To Cope with Growth, African Cities Need to Digitise and Integrate Transport Services
Cities are urbanising more rapidly than they can plan for, and with increasing inequality. Seventy one African cities have populations greater than 750,000 people, but lack the infrastructure to support their citizens. By 2050, more than 1.1 billion Africans will be living in cities, putting additional pressure on already strained infrastructure systems.
Public transport is critical to building an inclusive city and connecting people with opportunities, not to mention its role in allowing the city to function. In fact, African cities have an abundance of public transport services; what they lack is integration and information to help these services scale for the next billion people.
African cities have an abundance of public transport services; what they lack is integration and information to help these services scale for the next billion people.
Digitalised transport information is relatively new in African cities, and where it does exist, it only captures a small piece of the public transport ecosystem: the formal operations. While cities and formal bus or train operators may have information on their services, informally run transport, which accounts for up to 90% of the public transport trips in some African cities, usually relies on word of mouth to communicate its services. Data collection efforts are underway from Cairo to Cape Town to form a better understanding of where these services operate and how they contribute to the larger mobility network.
After these initial collection projects, it is critical to build a system that maintains and augments the data to make it useful. Integrating the collected data with information on the formal services makes it possible, often for the first time, to have the full picture of the public transport ecosystem. Transport data that is integrated and maintained is key to creating the systems Africa’s cities need to cope with their looming growth.
A digital platform can connect these systems to provide an accurate, comprehensive view of a network. Moreover, it can be responsive, receiving diverse inputs and updating data to create reliable, and valuable information. Power that platform with algorithms and machine learning capacity, and make it open to everyone, and you can enable developers, cities, and advocates to bring that data to passengers and others who need it.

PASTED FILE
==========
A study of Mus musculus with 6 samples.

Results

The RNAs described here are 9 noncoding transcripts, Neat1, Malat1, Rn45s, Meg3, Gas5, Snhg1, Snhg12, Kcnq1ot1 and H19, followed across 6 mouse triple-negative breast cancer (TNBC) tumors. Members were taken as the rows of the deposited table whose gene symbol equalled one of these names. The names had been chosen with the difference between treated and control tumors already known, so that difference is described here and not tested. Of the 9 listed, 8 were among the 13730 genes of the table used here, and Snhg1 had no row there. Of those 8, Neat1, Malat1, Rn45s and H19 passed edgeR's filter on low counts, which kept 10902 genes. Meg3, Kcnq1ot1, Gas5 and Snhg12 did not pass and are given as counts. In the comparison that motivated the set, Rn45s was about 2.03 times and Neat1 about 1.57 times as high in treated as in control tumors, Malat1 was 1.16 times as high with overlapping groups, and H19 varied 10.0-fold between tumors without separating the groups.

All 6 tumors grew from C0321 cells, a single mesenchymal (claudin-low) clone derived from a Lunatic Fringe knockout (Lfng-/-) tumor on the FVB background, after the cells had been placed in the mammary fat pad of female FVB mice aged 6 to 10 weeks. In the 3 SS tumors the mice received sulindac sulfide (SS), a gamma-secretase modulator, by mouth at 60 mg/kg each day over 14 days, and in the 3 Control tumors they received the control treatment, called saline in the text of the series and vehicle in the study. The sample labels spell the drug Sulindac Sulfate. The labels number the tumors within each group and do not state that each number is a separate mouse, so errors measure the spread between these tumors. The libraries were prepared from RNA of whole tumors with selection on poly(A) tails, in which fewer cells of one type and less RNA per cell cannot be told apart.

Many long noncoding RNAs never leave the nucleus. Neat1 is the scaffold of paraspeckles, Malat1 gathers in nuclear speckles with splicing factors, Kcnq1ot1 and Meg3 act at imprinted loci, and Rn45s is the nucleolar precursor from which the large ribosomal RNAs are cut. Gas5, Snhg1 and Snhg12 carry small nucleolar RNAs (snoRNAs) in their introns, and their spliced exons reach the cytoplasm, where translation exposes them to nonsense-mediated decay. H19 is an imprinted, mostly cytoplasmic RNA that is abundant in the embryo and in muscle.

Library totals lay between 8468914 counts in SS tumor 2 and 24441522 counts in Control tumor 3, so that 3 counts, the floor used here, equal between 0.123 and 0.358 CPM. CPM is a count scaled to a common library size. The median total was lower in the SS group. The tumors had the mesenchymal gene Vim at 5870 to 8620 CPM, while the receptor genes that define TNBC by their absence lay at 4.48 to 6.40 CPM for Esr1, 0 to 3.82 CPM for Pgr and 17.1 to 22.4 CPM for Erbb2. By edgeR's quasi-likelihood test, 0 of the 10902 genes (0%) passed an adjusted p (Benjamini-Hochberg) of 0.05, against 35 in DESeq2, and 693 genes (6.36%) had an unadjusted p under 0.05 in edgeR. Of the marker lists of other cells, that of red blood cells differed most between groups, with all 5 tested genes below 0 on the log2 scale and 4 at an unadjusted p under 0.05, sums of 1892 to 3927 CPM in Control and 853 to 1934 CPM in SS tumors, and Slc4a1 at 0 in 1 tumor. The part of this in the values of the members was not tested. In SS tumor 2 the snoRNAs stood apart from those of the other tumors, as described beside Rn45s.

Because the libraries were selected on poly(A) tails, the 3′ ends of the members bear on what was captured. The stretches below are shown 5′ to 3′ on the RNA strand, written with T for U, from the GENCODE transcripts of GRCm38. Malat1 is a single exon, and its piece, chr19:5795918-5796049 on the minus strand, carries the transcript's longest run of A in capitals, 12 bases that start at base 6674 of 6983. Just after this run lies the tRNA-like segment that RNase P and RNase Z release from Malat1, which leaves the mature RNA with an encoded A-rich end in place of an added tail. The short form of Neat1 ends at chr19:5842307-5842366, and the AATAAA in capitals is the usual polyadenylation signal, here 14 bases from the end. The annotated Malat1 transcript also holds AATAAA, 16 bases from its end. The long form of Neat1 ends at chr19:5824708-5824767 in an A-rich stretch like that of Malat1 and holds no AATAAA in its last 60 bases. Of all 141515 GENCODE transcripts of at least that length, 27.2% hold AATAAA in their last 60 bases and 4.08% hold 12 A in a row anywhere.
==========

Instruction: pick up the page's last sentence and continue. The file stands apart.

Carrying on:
Power that platform with algorithms and machine learning capacity, and make it open to everyone, and you can enable developers, cities, and advocates to bring data to passengers and others who need it.
A few such platforms are provided by major Western transport departments, such as London’s TfL. Through platforms, cities can make system information openly available to facilitate and intensify a broad range of tools and other solutions. The absence of these platforms in African cities has limited how city leaders, transport operators, and citizens understand, address and experience their local mobility systems. In response to this critical gap, WhereIsMyTransport launched our own open platform for integrated public transport information in August last year to provide this essential piece of technology in emerging cities.
To support the cities we operate in, such as Johannesburg and Cape Town, we unify data on both formal and informally run systems, the latter of which we collect ourselves. We make all of this openly available on our platform to give emerging cities the same capacity as cities like London to make informed-decisions and interventions.
When centralised in one open, intelligent platform, digital information revolutionises how mobility solutions can be approached in African cities. Just as no city is the same, no challenge is the same. Urban challenges are highly spatio-temporal, and need to embrace the local existing systems that exist in place. Digital tools that work with the reality on the ground can make much-needed, context-specific interventions possible.
Across many cities, informally run transport is increasingly recognised as an enabler of sustainable urban mobility. Harnessing the potential of this mode to best serve residents is a near-impossible feat without full knowledge of the system. Emerging cities, like Johannesburg or Dar es Salaam, aim to integrate informally run systems with new formal services such as bus rapid transport. City transport departments could seek to use informally run transport as feeder systems to core urban areas where scheduled, high capacity systems are more financially viable. A platform-based approach gives these cities access to the crucial information to plan for and manage an integrated network.
Digitalised and integrated transport information is an unprecedented opportunity for cities and service providers to rethink the future of mobility in Africa. It offers a way of planning for and accommodating the rapidly urbanising emerging city which houses both formal and informally run systems as well as diverse social, environmental and economic geographies. A platform-based approach simplifies these complex systems, providing the information needed to empower the growing continent to build the solutions its complex challenges demand and its many opportunities present.